Are you prepared to finance and own a car?

August 17, 2018

Owning a car opens up so many doors for people. You finally have the freedom to go wherever you want to, whenever you want to. You can add it to your CV and apply for the better jobs that are a little further out from where you live and they’ll be more inclined to consider you for the position knowing you have your own transport and aren’t reliable on temperamental public transport systems.

You can plan your day’s to the minute when you have total control of where you will be throughout the day and you become fully responsible for making your meetings on time, running your own errands and assuming the responsibility that comes with owning and driving a car.

Credit score

To start the financing process, you first need to make sure that your credit score is looking good. And if it isn’t, you may need to hold off on financing a car until you can sort it out because the lender will look at your credit history and credit score. Depending on how it looks, you may not have your loan approved as it speaks to your ability to handle and pay off debt.

Another reason to work on your credit score for a loan is that it will have an effect on the proposed interest rate for the loan. The higher your interest rate, the more money you’ll end up paying for your car and the greater the chances of getting stuck in an upside-down car loan where you’re paying for more than what the car is worth.

Car financing

When it comes to the car finance process itself, there are a few things you need to consider.

  • Budget: You can’t browse without a budget. That’s a quick way to fall into more debt than you can handle. Before you start browsing, set a budget and stick to it. To get a rough idea of what you’ll likely be paying every month, use a car loan calculator and you’ll quickly realise if that’s a monthly instalment you can afford.  
  • Down payment: If you want to reduce the total vehicle and loan cost, you need a large down payment on your new car. Save as much as you can and use the trade-in value of your current car to contribute to your deposit (if applicable). Aim for a down payment of at least 20 percent of what your new car costs. The more you pay in cash, the more you’ll save on interest and the quicker you’ll pay off your loan and be out of debt.
  • Repayment term: When you work with an instalment calculator, you’ll have to set the repayment term over which you’ll pay off the loan. The quicker you choose to pay off your loan, the more you’ll be required to pay each month, and the longer terms mean less each month. But, while you might be paying less in an instalment over 72 months than 60 months (which seems more “affordable”), the total cost of your loan will increase as there is more interest accumulated.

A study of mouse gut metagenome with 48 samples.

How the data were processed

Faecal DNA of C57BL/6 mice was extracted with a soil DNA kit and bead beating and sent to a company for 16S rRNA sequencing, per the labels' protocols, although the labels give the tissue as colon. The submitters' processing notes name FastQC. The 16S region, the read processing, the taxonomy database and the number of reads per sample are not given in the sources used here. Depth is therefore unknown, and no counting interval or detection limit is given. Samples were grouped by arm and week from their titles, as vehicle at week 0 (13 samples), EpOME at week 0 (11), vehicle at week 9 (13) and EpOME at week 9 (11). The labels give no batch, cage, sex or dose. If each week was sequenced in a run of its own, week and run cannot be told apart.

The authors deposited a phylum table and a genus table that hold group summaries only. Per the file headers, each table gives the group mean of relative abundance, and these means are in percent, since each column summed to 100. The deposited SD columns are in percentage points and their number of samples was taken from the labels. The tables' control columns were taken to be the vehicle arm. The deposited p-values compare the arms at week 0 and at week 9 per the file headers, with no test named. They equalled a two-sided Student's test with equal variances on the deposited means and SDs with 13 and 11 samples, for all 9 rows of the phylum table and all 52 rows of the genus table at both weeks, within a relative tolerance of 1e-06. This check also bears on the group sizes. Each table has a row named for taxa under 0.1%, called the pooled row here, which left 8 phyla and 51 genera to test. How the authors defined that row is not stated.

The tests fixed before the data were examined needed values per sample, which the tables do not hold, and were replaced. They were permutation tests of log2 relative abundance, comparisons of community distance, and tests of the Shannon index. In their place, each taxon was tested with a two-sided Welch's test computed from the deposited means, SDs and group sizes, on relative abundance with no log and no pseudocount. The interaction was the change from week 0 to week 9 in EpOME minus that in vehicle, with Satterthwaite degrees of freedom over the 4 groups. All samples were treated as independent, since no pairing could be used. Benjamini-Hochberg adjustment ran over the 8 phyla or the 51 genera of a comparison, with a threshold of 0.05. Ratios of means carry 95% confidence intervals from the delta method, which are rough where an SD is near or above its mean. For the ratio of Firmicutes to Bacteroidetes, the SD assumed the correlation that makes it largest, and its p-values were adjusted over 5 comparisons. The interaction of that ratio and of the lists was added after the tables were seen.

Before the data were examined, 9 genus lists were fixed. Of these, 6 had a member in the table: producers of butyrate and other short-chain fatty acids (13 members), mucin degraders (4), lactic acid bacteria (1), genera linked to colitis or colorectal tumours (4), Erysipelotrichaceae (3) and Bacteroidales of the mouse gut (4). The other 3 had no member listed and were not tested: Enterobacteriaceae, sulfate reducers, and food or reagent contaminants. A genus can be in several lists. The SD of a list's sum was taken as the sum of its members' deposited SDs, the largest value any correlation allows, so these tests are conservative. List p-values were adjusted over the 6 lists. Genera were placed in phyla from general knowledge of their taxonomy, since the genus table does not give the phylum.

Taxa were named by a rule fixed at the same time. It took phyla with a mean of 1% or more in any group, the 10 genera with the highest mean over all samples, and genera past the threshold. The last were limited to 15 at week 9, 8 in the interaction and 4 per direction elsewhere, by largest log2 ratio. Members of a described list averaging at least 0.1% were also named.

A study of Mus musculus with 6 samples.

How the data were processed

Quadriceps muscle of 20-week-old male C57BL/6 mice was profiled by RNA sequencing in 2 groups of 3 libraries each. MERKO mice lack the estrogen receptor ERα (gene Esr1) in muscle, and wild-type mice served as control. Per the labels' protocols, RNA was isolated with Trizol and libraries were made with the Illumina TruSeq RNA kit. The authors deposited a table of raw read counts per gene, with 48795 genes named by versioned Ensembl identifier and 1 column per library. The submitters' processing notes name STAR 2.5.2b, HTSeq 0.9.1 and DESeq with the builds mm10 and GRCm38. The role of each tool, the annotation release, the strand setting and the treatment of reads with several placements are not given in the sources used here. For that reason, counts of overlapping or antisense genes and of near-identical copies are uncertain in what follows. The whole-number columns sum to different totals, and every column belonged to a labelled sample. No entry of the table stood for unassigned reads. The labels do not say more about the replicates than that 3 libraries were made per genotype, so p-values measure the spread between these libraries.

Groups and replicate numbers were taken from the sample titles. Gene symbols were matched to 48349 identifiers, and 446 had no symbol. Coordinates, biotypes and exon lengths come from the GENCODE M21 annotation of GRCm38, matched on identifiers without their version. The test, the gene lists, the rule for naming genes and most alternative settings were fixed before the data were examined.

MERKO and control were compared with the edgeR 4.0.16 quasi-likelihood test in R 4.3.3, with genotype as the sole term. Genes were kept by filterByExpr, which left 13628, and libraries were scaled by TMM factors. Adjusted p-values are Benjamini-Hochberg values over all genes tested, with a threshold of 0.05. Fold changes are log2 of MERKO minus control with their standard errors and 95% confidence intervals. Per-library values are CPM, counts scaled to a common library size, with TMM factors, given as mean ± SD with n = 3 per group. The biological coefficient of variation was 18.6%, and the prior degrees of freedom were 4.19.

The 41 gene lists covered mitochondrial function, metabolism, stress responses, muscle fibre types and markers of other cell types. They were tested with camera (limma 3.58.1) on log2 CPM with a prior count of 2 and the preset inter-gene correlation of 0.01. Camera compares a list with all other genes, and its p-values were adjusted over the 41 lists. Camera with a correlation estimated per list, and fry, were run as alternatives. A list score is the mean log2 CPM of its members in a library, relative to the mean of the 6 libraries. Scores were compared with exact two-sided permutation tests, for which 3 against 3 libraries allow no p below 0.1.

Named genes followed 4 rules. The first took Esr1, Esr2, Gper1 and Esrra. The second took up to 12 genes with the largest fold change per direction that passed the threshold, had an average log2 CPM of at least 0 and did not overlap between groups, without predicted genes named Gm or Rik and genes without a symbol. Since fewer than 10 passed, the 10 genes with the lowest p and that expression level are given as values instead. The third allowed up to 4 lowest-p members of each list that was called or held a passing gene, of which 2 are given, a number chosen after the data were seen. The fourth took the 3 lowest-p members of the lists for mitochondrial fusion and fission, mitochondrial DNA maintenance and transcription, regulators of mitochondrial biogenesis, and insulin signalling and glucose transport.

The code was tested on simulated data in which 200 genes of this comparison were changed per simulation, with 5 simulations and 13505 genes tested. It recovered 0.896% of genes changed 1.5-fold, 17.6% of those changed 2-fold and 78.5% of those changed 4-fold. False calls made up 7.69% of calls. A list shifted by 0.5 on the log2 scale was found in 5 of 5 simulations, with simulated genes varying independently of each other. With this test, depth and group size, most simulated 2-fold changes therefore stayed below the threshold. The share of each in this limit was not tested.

• Insurance: And don’t forget about insurance. It won’t be in the advertised or included in any instalment calculation, but you won’t be allowed to drive your car off the dealership floor without any car insurance. And that can be around a couple of hundred or thousand rands extra every month.

When you take out a loan, your interest rate, down payment and repayment term will all affect how much your car’s going to cost you beyond the advertised price from the dealership. Car finance is an expensive venture but if you can afford it, it’s definitely worth it.

On the road costs

Before you think that the expenses stop there, you need to consider “on the road” costs after the car finance costs. These are expenses on fuel as often as you may need it, servicing every 15 000 km, repairs should they arise, new tyres when the tread wears out, upgrades for personal entertainment, fines from traffic violations and so on.

You will always be paying for your car in some way, even after you’ve paid off the loan. For that reason, it’s important that you take good care of your car to make it as durable as possible.

Caring for your car

Here are some of the best ways you can take care of your car to ensure it lasts a long time:

  • Garage checks: Oil, water and tyre pressure can all be checked (for free) every time you stop at a garage to fill your fuel tank. It takes an extra five minutes and can keep your car performing.
  • Stick to services: A service plan is designed with your car’s best interest in mind. Minor services are there to clean your filters, change your oil and ensure that your car is running as it’s meant to.
  • Drive responsibly: Road rules are there for a reason and sticking to them is one of the best things you can do for yours and your car’s safety.

With all of this in mind, are you sure you’re prepared to finance and own a car?